Part of being a writer is being prepared to write whenever and wherever the urge/necessity strikes. For us, this has meant some pretty interesting places. Be it for a weekly Urchin meetings, writing an article, or just jotting down some ideas, we’ve had to get pretty creative. Luckily, that’s one of our strong suits.
Since arriving in New Zealand last October, writing has been a bit more of a challenge than usual. Living in a van for the first three months meant no electrical outlet to charge my computer and no easy access to internet. McDonald’s free wifi soon became my greatest ally for Urchin business. This plan was thwarted, however, when soulless McDonald’s managers began refusing to let people charge their computers while they used said free wifi. Not one to be easily deterred, I began charging my computer at every possible opportunity, including once in a public restroom, to be able to write later while camping.
But for all the McDonald’s and libraries I visited across New Zealand, the height of my desperation came in New Plymouth when my computer had 5% of its battery left and I had to post an article later that night. I frantically ran to three different McDonald’s, none of whom would let me use their outlets. The information was closed. I couldn’t afford to stay at a campground with facilities. It was 6pm and I was getting desperate.
I was in the process of scouring the basement food court for a mall for inconspicuous outlets when I saw it: a lone electrical outlet. In the children’s play room. So there I sat, amidst several coin-operated dinosaurs, under ghastly flourescents, in imminent danger of being bombarded by screeching toddlers, charging my computer and writing an article about choreographer Royston Maldoom.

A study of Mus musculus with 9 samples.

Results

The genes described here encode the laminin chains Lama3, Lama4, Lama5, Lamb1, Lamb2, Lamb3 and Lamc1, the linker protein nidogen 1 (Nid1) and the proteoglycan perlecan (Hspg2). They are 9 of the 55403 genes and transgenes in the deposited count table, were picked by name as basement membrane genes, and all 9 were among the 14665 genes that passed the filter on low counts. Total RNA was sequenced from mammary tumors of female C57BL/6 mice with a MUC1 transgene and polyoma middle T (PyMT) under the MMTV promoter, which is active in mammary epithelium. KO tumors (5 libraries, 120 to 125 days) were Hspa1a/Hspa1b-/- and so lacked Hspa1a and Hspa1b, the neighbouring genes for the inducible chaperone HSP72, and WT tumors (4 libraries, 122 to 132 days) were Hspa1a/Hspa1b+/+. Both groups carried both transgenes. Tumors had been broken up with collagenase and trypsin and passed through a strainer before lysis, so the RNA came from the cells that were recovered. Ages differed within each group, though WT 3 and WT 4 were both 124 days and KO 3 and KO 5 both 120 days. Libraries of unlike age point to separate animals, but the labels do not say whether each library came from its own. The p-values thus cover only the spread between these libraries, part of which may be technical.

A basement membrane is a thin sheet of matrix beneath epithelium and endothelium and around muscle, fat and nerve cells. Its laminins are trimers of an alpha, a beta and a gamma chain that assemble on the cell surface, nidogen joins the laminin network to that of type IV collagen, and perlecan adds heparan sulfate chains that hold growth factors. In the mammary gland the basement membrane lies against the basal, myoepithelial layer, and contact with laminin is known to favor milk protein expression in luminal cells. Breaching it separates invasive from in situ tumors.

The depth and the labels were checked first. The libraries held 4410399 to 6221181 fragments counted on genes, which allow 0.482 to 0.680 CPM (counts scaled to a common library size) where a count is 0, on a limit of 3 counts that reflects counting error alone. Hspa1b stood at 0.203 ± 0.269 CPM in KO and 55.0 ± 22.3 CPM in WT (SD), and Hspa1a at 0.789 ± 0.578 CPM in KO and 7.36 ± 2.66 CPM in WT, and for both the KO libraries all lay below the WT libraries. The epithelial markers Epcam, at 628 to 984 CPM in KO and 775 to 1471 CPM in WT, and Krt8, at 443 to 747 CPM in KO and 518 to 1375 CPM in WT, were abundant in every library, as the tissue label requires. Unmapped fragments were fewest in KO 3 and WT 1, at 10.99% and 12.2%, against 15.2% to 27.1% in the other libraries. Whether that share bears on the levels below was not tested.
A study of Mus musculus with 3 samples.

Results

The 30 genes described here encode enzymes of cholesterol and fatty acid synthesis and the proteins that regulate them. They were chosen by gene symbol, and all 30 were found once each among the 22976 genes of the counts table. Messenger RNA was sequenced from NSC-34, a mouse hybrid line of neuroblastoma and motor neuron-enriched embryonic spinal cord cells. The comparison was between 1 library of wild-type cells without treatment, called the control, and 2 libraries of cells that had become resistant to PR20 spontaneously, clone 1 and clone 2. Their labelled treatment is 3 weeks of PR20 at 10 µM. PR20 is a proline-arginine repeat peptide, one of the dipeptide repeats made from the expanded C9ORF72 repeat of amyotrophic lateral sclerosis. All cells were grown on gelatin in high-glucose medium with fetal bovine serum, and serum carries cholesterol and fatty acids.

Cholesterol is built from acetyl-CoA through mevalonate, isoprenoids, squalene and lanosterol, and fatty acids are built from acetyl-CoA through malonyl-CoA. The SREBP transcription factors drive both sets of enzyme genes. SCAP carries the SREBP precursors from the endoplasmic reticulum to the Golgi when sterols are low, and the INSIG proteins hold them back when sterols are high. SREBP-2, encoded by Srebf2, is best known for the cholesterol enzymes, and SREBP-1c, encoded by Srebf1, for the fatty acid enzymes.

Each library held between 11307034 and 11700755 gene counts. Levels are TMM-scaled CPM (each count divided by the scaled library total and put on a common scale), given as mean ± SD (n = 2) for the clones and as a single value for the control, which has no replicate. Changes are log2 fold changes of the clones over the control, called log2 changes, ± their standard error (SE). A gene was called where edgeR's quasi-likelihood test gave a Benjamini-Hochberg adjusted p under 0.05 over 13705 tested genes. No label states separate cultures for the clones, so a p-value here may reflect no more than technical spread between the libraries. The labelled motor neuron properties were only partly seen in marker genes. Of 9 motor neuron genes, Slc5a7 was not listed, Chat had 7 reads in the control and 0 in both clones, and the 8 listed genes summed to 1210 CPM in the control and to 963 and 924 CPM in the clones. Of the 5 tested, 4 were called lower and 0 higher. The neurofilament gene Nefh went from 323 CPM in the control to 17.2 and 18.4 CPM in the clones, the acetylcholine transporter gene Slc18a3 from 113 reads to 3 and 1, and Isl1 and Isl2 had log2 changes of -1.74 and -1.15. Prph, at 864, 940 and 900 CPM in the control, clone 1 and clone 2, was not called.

I’m not normally one for lying about when there is perfectly blue water to play in. However, while WWOOFing in the south of France for the summer, my mother and I spent several days in Nice. With not much else to do besides lie on the beach, well, we did.
Pasty Brits scorching in the Mediterranean sun, tenderfooted urban folk stumbling on the rocky beach, and an obscene number of topless older women – there was plenty of fodder for my notebook. When it would get too hot to write, I would dash off to the sea, where, if you swam out far enough, there were platforms to climb onto and jump back into the water. Or perhaps it was the bottle of rosé that my mother and I consumed everyday that made the experience so enjoyable.
We’ve all heard stories of writers being struck by inspiration at the most inopportune times, forcing them to scribble indecipherably onto a wad of napkins or on one’s hand, only to wash it off later without transcribing onto paper. I try to be prepared always. At almost all times, I carry with me a pen and three notebooks, of varying sizes, not for any particular reason, I just realised. But every once and a while I’ll jot down something, believing that if I don’t, a wisp of brilliance would be lost forever! This most often results in me finding the note hours later and finding it stupid. I suppose this is a trial of the writer. A lesson to be learned. What that lesson is, exactly, I’m not entirely sure. But when I figure it out, I’ll certainly jot it down.
Oftentimes the need to jot something down occurs in a dark movie theatre. Thankfully I have a good memory, yet this still often results in my repeating whatever it was I came up with in my head and vacantly missing the rest of the movie. Priorities, I guess.